Why Home Buying Contingencies Can Make Or Break Your Purchase
There are a lot of myths about real estate clauses and how they work, and the discrepancies and anomalies can sometimes come back to haunt unsuspecting buyers. From financing nightmares to home buyers discovering that their property was built on a sinking swampland, the potential for catastrophe is very real. Home buyers may need to be a little savvier if they want to purchase their home with (near) total confidence.
Hiring an Inspector
Usually, buyers offer to buy the home so long as the property passes its inspection report. Proactive sellers may have their own inspection done but that shouldn't necessarily stop a buyer from hiring an unbiased party of their own. This is the chance for potential buyers to learn about the state of their wiring, the overall safety of the structure, and the general condition of their land.
Checking with the Bank
A pre-approval from a bank for a loan is in no way an actual approval for a loan, which is why most buyers will place a clause in their offer to cover themselves. If the bank does deny the buyer and the buyer doesn't have this clause, the seller could potentially sue the buyer for breach of contract. Lenders can back out of their promises for any number of reasons, so it's important to have an escape route if they do.
Researching the Title
Ownership of a property is not always a cut and dry issue. There are neighbors who may think that the hedge is theirs and ex-spouses who may believe they're entitled to 50% of the property. Buyers may very well purchase a property from a seller who doesn't actually have full ownership of the property! This real estate clause ensures that the title will be fully researched and confirmed before the deed is officially transferred.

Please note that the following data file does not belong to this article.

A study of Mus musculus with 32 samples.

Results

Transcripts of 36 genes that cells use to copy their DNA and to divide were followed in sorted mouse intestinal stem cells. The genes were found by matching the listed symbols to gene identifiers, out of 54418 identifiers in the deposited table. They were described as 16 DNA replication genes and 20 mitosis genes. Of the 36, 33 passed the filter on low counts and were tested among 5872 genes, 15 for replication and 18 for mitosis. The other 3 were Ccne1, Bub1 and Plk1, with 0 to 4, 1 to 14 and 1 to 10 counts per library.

Accounting for Scheduling
Buyers and sellers may very well agree on a set timeline for how long their escrow will last but their expectations can't always be fulfilled. Family emergencies may call an inspector across the country, lenders may be backed up with applicants, and title companies may not be able to track down the information they need. That's why buyers can request that these delays not affect the purchase.
Asking for More
These are some of the most common real estate clauses, but buyers are technically allowed to ask for whatever they like. These requests may be simple (e.g., fixing a broken floorboard in the kitchen) or more complex (e.g., installing solar panels before the buyers move in). If buyers are selling their old home, they can request that the home sale be contingent upon the sale of their home. It's up to buyers to request things that won't make a seller want to run for the hills.
How to Present Real Estate Clauses
Real estate clauses are formally made in the official Offer to Purchase. This document states how much the buyer is willing to pay for the property and their general demands for how the sale will proceed. While it's unlikely, real estate clauses are not a foregone conclusion. At the height of a seller's market, a buyer could conceivably offer to pay cash for the property without making their offer contingent on anything.
A qualified Copperfield real estate professional can make it easier to understand which real estate clauses are reasonable and which are outlandish. The truth is that it's different for every home sale, but it's helpful to understand the basics before getting started.